Darrin McDaniel and his wife, Marva, were buried in medical bills. His wages just didn’t cover the CAT Scan of $856, the radiologist’s statement of $327; specialist $400, and medications. Their parents were deceased, siblings were critical, there was no one to assist.
Marva poured over cookbooks looking for tasty sounding recipes with few ingredients. Molly, 8, and, Reggie, 5, made funny faces at supper again at the casserole Marva had prepared. It did have noodles in it, but in place of meat, there were beans, carrots and celery. The kids weren’t eating that, which made their young mother cry. Darrin made a point of saying, “Hon, this casserole tastes really good.” But with a fallen spirit Marva made peanut butter sandwiches for the children and pecked at her own supper.
Guilt overwhelmed the thirty year old wife. She was unable to work because of her nervous breakdown seven months ago, following the diagnosis of multiple sclerosis, and loss of her position at the shoe factory, both occurring within two months. She had applied for Social Security Disability, but it was taking months to hear anything. Everything was too much for her to handle. The security of that steady paycheck and the fabulous benefits were gone. Her severance package had filled the freezer with meat, bought new winter coats and shoes for all of them, and the remaining few hundred dollars had put new brakes on Darrin’s car, and tires, and was soon gone.
Now everything seemed hopeless again. There wasn’t enough money and there wasn’t any way to dig out.
After dishes were finished, a depressed and sad Marva sat at the kitchen table to hear Molly’s spelling words. Reggie and Darrin were playing an old game of Tiddly Winks found at a garage sale. A quick rap on the kitchen door startled the little family, but dark-haired Molly popped up, flipped on the outside light, opening the red painted door.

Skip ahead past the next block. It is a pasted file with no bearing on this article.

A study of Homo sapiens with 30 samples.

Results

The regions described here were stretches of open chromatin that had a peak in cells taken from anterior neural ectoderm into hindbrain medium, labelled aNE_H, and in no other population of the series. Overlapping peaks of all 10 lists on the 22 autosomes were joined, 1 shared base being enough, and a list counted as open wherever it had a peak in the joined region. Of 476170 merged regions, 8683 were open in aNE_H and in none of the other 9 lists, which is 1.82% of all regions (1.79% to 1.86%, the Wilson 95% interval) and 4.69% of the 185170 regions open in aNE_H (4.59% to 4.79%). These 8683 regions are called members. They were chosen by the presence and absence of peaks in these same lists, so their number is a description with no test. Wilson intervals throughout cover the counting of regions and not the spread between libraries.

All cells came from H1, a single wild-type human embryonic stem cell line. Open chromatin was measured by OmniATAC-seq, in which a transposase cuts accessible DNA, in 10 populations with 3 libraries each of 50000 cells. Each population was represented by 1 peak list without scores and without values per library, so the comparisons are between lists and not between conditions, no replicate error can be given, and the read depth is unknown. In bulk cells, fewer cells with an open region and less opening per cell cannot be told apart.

There stood Julie Braidway from church, her own age, with her Grandpa, Martin, and Brian Kennedy, her Sunday School teacher, was holding a large cardboard box. Marva asked them in, while Darrin and his son came from the other room to investigate.
Brian put the box on the table and said, “We heard you folks had some medical bills and we thought you might be able to use a few extra groceries. I think there’s enough here for a week; there’s a chicken, potatoes, macaroni and cheese; I know my kids would live on just that. And other things too, you can look through it after we leave.”
Brian put his hand on Molly’s arm, seeing she was working on homework, and told the little girl, “You were the best in our class this week, you memorized the whole verse. I’m very proud of you.”
Martin said to Marva & Darrin, “Now we don’t mean to intrude on your evening, but my wife, Bunny, made a spice cake and I picked up a gallon of cider, glasses and paper plates, and we’d love to stay a little while to have some cake and talk.” Molly swept up her homework papers to make room. Marva cut cake for each of the kids and took them into the family room to the little table in there. Back in the kitchen, Martin was cutting cake and pouring the beverage for everyone. Marva fought back tears.
Brian quietly stated, “The Deacons held a special meeting tonight and we want to pay for that CAT scan, and your other medical bills, and you can pay us back when, or if, you can. The church people have collected groceries for the local pantry, but we thought they’d be put to better use if we gave them to you. So next week, we’ll bring another box of food for you.
Marva’s tears fell down her cheeks. Martin, old enough to be her father, gently put his arm around her and said, “You folks aren’t the only ones who’ve ever had hard times. I’ve been there too. Why do we have a church family, if we aren’t gonna act like family and help each other out.”
There was laughter around that kitchen table. Stories were told, friendships made, and hope, that sometimes elusive cloak, was captured again, and held dear.